Bible study is a tricky thing to figure out. As believers, we know it’s something we should do, but we don’t always feel like it (just being honest), and when we do feel like it, we don’t always know what to do. Often we become frustrated, not feeling like we’re “accomplishing” anything through our Bible study time, and quit before we ever really get started.

Just this year I found *gasp* a method that works for me, and I’m hooked. It’s a rather in-depth way of studying and does take some time, but I’ve found that I actually enjoy it. That makes it a whole lot easier to want to come back to it every morning!

Materials needed: Bible, journal (mine is 8 1/2 x 11, so it’ll take longer to fill up), and multicolored pens (I use erasable pens and Flair felt-tipped pens). I also use a journaling Bible, which we’ll talk about in a minute.

How to Start Bible Journaling

Step 1: Pray. The purpose of this and all Bible study is not simple knowledge of Biblical facts and history, but to know God better. He reveals Himself through His Word; pray before you begin that you’d see Him and learn more about who He is through the reading. Some passages are difficult to assess like this, but God has a purpose in all of them. Pray that He would help you to find it.

Step 2: Use the designated sections (usually marked by sectional captions) in your Bible. I recommend reading one section per day unless you get ambitious and want to do more. Write the verse reference (e.g. Matthew 1:1-6) in your journal.

Step 3: Read the passage without making notes or reading the study notes or consulting a commentary. Just read it nice and slow. The purpose of this reading is to get a broad view of the verses and what they’re actually communicating.

Step 4: Take on the passage verse by verse. If you have a thought or question…it reminds you of something…you can think of a clearer way to express the main idea…whatever your PERSONAL thoughts are on a particular verse, write it in your journal.

Step 5: As you go through verse by verse, after you’ve written your personal thoughts, read a commentary, or consult another source and go back through the passage verse by verse. I just read the study notes in my Bible unless I need a deeper explanation. Then I go to a separate commentary. Many of these can be found online.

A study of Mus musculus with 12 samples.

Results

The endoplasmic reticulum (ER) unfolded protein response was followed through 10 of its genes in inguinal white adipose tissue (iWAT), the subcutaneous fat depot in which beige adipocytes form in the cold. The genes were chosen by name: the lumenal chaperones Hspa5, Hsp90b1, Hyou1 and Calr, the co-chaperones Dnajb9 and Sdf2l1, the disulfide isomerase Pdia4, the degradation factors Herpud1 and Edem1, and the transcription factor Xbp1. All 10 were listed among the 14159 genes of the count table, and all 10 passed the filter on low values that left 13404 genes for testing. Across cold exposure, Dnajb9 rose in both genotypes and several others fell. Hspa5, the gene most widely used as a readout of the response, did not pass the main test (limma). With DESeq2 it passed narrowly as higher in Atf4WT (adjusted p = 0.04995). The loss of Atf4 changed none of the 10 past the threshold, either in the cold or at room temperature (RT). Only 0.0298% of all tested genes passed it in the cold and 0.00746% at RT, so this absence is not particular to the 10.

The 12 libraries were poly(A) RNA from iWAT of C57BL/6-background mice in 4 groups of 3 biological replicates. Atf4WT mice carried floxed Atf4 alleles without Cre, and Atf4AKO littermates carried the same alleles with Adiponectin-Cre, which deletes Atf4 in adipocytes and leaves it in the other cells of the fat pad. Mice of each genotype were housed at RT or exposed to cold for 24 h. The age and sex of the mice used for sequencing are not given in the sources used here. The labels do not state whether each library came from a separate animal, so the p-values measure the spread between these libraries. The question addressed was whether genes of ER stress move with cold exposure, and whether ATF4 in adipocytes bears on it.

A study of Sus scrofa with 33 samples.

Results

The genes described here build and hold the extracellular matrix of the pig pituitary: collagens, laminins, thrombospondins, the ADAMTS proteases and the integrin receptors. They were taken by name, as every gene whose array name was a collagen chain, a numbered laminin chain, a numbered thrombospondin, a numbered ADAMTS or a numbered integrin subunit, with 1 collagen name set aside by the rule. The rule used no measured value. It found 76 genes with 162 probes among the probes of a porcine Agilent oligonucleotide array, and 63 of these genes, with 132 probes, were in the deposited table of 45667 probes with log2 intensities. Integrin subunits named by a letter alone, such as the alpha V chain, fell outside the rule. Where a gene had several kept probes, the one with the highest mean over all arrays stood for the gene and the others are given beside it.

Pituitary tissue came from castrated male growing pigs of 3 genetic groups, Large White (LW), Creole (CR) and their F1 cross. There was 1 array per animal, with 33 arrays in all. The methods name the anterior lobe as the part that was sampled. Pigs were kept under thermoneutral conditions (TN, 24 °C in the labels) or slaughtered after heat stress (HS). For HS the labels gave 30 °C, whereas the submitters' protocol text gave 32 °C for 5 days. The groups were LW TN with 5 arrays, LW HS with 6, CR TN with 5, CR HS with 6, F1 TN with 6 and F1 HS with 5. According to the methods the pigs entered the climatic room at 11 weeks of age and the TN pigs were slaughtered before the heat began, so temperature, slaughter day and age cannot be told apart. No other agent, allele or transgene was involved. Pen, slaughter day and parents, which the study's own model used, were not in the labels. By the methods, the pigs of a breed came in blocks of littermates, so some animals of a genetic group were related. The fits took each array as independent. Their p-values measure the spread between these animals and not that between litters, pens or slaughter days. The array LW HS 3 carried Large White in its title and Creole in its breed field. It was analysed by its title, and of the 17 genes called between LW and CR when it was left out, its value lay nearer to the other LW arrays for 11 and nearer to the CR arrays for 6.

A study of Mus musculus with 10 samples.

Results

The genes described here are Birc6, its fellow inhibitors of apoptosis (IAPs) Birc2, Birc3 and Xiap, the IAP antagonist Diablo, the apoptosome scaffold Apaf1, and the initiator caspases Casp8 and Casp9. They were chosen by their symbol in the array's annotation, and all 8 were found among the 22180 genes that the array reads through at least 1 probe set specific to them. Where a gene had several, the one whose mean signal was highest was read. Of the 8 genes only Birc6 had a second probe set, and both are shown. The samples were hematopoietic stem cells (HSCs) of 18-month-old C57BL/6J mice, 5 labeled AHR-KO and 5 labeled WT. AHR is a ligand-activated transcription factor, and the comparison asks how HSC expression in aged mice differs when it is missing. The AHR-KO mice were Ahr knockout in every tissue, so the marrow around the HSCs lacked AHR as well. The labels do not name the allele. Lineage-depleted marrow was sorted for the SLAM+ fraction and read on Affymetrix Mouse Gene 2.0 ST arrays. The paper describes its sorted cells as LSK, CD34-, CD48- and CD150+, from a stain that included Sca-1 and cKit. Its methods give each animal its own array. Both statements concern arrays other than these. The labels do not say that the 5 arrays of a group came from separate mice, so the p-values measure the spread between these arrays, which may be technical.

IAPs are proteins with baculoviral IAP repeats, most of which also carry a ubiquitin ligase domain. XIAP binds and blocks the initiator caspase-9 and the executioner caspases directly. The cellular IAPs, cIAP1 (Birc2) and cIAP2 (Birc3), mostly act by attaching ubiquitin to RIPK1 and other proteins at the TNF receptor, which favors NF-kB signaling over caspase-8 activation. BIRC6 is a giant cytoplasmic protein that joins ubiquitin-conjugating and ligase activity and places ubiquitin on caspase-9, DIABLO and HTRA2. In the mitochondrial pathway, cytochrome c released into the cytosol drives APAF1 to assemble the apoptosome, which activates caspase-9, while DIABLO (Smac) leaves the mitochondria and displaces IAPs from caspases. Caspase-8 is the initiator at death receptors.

Step 6: Write notes from the study notes or commentary. I usually write the new things I learned or the details that struck me as being particularly interesting. In a way, this becomes your own commentary on the passage.

Step 7: Record your “takeaway” from the passage – whatever really caught your attention or that you want to remember. What did you learn about God? How do you know His character better? How can this be applied to your life right now? If someone asked you what you learned, what would you say?

That’s it unless you want to go a step further…

Step 8: Here’s where the journaling Bible comes in. Go to the page of the passage you studied and illustrate your takeaway. Most of the time mine is just rephrasing the takeaway and writing it in pretty colors and different styles of lettering. Sometimes I get inspired and actually draw something, and other times I simply write a prayer pertaining to the passage and my takeaway. It’s up to you, but don’t stress about it! Perfection is not the point.

That’s it! It does take a little time, especially if it’s a tough passage, but I’ve found it’s a way to engage with the Word AND learn a little something. That’s kind of the idea anyway.

Let me know if you try it, or share if you have a preferred method you use! We can all learn from each other and what works for other people. That’s just part of life in community!

Happy studying!

This post originally appeared on Jessica Bolyard’s blog. Read it here.